Nearly half of ethnic minority teachers feel 'racial discrimination has stopped them progressing'
Nearly half of teachers who are black or ethnic minority (BME) feel that racial discrimination has stopped them from progressing in their careers, a conference organised by a teacher union has heard.
The annual NASUWT Black and Minority Ethnic Teacher’s Conference saw teachers from across the country meet in Birmingham on Saturday.
Participants took part in a real-time electronic poll aimed at uncovering their views on a series of issues relating to work in education.
The question “Do you feel that you are being held back in your career as a result of racial discrimination?” was posed to around 350 teachers.
Almost half said yes, a quarter said no, while 25 per cent said they did not know or were not sure.
More than three quarters of BME teachers defined themselves as ambitious, yet stated they are being held back by racial discrimination and the attitudes of senior colleagues.
One per cent short of all BME teachers felt that the Government does not respect and value teachers and does not understand the day-to-day realities of teaching.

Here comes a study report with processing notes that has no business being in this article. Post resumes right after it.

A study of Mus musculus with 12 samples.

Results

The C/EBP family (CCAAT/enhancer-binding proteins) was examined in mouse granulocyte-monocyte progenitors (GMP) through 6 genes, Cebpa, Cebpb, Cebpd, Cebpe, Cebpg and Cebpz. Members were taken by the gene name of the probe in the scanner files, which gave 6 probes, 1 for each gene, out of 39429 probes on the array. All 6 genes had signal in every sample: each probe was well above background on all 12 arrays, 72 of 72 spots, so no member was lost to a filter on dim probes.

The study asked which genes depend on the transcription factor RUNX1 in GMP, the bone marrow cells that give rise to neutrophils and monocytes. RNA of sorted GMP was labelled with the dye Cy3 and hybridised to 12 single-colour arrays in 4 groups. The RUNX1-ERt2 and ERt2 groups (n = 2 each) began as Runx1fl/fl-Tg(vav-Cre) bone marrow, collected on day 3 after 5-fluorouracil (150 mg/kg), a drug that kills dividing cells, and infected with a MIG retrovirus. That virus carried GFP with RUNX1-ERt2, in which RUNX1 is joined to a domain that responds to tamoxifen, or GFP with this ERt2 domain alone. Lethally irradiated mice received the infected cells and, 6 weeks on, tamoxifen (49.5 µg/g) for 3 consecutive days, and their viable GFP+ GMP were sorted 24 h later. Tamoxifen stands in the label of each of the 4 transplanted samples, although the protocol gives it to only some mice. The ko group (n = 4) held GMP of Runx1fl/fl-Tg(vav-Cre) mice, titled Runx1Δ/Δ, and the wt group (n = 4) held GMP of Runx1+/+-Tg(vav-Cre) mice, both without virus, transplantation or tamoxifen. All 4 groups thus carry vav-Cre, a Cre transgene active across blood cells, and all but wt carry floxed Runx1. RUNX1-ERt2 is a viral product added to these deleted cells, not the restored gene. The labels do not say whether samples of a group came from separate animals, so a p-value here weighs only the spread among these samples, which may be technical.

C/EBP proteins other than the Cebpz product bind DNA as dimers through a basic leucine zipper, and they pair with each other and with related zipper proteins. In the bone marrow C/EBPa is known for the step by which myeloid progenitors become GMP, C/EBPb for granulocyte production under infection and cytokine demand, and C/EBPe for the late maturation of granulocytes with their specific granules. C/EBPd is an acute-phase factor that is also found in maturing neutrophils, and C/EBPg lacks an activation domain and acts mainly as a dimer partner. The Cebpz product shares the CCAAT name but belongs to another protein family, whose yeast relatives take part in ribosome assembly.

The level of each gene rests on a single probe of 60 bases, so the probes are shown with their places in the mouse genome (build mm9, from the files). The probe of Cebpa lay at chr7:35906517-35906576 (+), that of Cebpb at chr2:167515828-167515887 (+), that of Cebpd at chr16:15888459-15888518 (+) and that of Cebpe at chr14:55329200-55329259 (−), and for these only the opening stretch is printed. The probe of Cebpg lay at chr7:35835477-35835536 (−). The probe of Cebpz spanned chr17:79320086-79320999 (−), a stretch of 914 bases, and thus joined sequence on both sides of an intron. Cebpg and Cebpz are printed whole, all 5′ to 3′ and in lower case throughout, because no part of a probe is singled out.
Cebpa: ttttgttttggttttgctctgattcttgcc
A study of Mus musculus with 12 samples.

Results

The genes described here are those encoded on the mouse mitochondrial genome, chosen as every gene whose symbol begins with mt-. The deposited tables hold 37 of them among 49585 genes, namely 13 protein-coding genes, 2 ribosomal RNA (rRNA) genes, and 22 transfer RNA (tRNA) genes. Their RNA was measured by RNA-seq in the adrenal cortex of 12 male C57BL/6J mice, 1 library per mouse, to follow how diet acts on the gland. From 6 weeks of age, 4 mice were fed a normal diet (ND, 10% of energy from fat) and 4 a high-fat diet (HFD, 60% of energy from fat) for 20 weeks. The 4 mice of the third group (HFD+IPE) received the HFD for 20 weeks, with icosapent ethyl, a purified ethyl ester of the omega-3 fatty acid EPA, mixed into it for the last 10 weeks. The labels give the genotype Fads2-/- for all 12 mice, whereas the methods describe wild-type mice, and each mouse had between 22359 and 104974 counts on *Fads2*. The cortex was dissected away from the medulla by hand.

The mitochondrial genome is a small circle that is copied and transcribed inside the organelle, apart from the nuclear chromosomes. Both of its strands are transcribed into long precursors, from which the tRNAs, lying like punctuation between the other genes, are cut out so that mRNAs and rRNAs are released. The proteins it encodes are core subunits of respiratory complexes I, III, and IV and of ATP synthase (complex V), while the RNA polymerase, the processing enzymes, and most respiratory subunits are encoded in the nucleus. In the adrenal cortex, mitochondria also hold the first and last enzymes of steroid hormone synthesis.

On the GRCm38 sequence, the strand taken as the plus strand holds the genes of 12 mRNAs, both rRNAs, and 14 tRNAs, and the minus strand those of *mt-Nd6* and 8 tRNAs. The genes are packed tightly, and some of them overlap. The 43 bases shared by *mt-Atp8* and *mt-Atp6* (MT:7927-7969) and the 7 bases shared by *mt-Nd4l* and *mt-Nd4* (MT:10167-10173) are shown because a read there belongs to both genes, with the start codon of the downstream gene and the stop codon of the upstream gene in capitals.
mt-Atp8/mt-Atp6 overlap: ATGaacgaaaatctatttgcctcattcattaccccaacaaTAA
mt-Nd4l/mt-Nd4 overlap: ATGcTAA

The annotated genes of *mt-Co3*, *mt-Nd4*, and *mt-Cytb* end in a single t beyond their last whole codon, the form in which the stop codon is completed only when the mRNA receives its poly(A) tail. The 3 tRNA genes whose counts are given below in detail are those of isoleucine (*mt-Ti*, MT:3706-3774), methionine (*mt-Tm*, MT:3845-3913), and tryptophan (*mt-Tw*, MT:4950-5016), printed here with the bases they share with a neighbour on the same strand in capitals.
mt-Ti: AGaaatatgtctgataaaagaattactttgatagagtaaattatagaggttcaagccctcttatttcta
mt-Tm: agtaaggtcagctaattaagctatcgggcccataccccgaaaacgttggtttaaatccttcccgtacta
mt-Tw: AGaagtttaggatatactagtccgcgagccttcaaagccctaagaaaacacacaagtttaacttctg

Over half of the teachers polled agreed that mental health was an issue and that employers were not committed to protecting their mental and physical well-being at work, with workload cited as the single most negative part of the job.
Chris Keates, general secretary of the NASUWT, who addressed the conference, said: “BME teachers have told us that racial discrimination is an endemic feature of the education system.
“Holding back the potential and talent of teachers on grounds of their race or colour also damages the prospects of pupils.
"The coalition Government's reforms to the teachers' pay system, which give more freedoms to individual schools to determine teachers' pay, has been overwhelmingly rejected by BME teachers who fear it will exacerbate discrimination against BME teachers.
“All of the issues raised today will be taken forward by the NASUWT as we continue to press the Government for a fair national framework of pay and conditions for all teachers.”
A Department of Education spokesperson said: “Teaching is a highly attractive profession which is critical to the success of our education system, and we are making sure this is properly recognised. We are reforming teacher training to attract the best graduates and professionals, investing £4 million in development and training for existing teachers, and reforming pay so schools can attract and retain the best teachers who have the greatest impact on their pupils’ achievements. This will ensure that every school has a clear system for teacher appraisal that is fair and consistent.”